Replacing Subfloors

In the lives of many homeowners, there comes a time that you will be replacing subfloors in your home. There are some handy tips that you can follow for replacing subfloors in your house to make the entire process easier. The subfloors are the areas underneath your regular flooring that you see on a day to day basis.

With traffic throughout out your home, moisture and simple age there comes a time that replacing subfloors is much simpler than trying to redo the entire flooring. Subfloors can experience termite damage, flood damage or just normal wear and tear.

Claw Hammer Time

When you see an area of the floor that is sunken or not level anymore, you will more than likely need to replace the subfloors underneath. The primary thing to note is if you can readily taken out with a claw hammer, it ideally should be replaced. The most common places that subfloors need replacement are in kitchens and bathrooms. This is because of the high level of both traffic and of moisture in these rooms.

Removing Flooring

The first step for replacing subfloors is to remove the upper flooring in the area. Whether it is hardwood planks, tile, or vinyl, do this as carefully as possible so that you can either replace with the original upper flooring or have a minimal amount of new upper flooring to purchase.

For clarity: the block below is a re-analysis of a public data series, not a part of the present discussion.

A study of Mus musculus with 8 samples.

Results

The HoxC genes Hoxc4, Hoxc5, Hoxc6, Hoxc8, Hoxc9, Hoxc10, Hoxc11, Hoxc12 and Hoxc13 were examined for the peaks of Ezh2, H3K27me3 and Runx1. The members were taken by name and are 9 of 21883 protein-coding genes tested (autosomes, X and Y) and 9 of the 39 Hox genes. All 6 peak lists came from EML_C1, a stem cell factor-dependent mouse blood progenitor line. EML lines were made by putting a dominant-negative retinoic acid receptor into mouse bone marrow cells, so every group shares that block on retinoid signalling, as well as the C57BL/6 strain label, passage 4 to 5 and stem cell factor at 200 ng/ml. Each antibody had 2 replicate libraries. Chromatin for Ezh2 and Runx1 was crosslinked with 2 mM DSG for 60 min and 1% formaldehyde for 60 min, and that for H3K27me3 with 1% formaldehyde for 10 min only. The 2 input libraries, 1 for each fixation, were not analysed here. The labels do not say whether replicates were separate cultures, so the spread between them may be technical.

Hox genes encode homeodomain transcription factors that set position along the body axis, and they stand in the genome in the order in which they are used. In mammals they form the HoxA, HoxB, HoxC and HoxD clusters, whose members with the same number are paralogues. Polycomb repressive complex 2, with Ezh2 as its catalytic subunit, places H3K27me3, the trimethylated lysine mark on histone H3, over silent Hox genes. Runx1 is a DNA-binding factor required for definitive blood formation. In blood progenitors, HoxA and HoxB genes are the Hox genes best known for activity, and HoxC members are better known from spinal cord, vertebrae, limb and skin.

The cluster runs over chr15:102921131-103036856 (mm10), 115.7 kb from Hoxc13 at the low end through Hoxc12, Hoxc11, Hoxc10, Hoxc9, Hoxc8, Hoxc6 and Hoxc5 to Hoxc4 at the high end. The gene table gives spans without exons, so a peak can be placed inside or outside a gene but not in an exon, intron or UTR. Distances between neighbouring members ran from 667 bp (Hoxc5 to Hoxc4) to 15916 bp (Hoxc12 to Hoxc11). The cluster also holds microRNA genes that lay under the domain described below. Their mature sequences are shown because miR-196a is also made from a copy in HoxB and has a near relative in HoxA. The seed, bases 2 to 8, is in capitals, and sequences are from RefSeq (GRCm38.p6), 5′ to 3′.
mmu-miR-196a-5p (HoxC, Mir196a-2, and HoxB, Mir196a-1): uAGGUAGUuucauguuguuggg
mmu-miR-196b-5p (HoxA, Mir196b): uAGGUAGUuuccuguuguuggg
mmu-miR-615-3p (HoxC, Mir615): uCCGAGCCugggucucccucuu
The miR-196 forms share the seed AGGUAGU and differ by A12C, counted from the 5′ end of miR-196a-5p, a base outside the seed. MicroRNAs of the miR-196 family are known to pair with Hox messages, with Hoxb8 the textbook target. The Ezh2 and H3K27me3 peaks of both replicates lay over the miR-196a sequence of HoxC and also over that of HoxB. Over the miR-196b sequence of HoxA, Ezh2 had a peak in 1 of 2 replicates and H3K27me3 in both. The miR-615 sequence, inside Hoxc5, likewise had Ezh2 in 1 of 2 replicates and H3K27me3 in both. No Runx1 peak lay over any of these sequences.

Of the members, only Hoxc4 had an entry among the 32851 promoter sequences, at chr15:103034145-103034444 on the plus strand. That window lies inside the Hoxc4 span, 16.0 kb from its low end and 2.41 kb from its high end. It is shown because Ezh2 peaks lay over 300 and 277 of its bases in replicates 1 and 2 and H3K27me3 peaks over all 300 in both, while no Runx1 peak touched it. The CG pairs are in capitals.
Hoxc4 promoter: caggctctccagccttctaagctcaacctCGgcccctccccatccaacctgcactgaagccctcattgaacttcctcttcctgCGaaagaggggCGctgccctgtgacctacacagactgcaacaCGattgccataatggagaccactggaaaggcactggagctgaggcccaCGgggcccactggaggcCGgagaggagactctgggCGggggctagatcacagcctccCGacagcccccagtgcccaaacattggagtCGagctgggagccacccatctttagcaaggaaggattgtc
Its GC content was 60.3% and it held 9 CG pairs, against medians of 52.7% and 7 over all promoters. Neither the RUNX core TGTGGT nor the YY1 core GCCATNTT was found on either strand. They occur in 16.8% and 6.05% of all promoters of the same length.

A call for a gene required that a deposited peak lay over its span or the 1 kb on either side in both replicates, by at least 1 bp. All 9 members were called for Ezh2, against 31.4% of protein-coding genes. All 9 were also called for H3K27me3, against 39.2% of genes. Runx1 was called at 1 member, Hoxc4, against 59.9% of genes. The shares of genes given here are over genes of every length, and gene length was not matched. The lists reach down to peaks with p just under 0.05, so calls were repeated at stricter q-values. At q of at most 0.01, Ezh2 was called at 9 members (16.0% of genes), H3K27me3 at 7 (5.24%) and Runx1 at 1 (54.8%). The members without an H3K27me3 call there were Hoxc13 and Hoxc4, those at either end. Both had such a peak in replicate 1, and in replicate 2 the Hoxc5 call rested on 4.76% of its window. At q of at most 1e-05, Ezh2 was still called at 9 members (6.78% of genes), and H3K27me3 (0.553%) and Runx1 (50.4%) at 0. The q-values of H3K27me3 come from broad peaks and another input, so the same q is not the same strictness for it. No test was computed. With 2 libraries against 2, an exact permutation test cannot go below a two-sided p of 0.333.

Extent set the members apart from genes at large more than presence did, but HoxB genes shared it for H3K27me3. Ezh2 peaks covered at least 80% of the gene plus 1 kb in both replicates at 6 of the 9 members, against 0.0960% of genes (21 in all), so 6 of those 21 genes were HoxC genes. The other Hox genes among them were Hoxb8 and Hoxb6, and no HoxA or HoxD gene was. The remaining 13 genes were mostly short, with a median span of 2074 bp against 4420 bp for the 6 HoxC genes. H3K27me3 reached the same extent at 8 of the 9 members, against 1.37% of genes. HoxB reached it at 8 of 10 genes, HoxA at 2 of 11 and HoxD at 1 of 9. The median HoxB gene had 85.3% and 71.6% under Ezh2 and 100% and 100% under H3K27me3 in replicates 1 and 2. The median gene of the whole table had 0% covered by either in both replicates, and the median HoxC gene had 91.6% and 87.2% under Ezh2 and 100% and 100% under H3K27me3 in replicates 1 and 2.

Next, you need to find the supporting beams of the subfloor and determine if they need replacement. More than likely they will. Remove the subflooring with the appropriate tools such as jig saws, hand saws or reciprocating saws. Remove only a few of the supporting beams at a time after you have taken off the flooring pieces. Replace the supporting beams as they are removed making sure that the joist and seam areas are securely in place.

Reflooring

The next step for replacing subfloors is to actually replace the flooring pieces after you have put in new support beams. Work on small sections at a time to make certain that everything is back to its original condition. If the area is exceptionally wet due to flooding or heavy moisture, allow time for the area to dry out some before you replace the flooring over the support beams.

You can even apply several coats of sealant over the wood to protect for the future. If you use the sealant, allow it to cure and dry for a minimum of 48 hours before you replace the top flooring.

Another option is to place a thin layer of polyurethane over the subflooring once you have repaired it before replacing the top flooring. When the subfloor is replaced, you can then put back on the top floor and feel assured that your home project was a terrific success.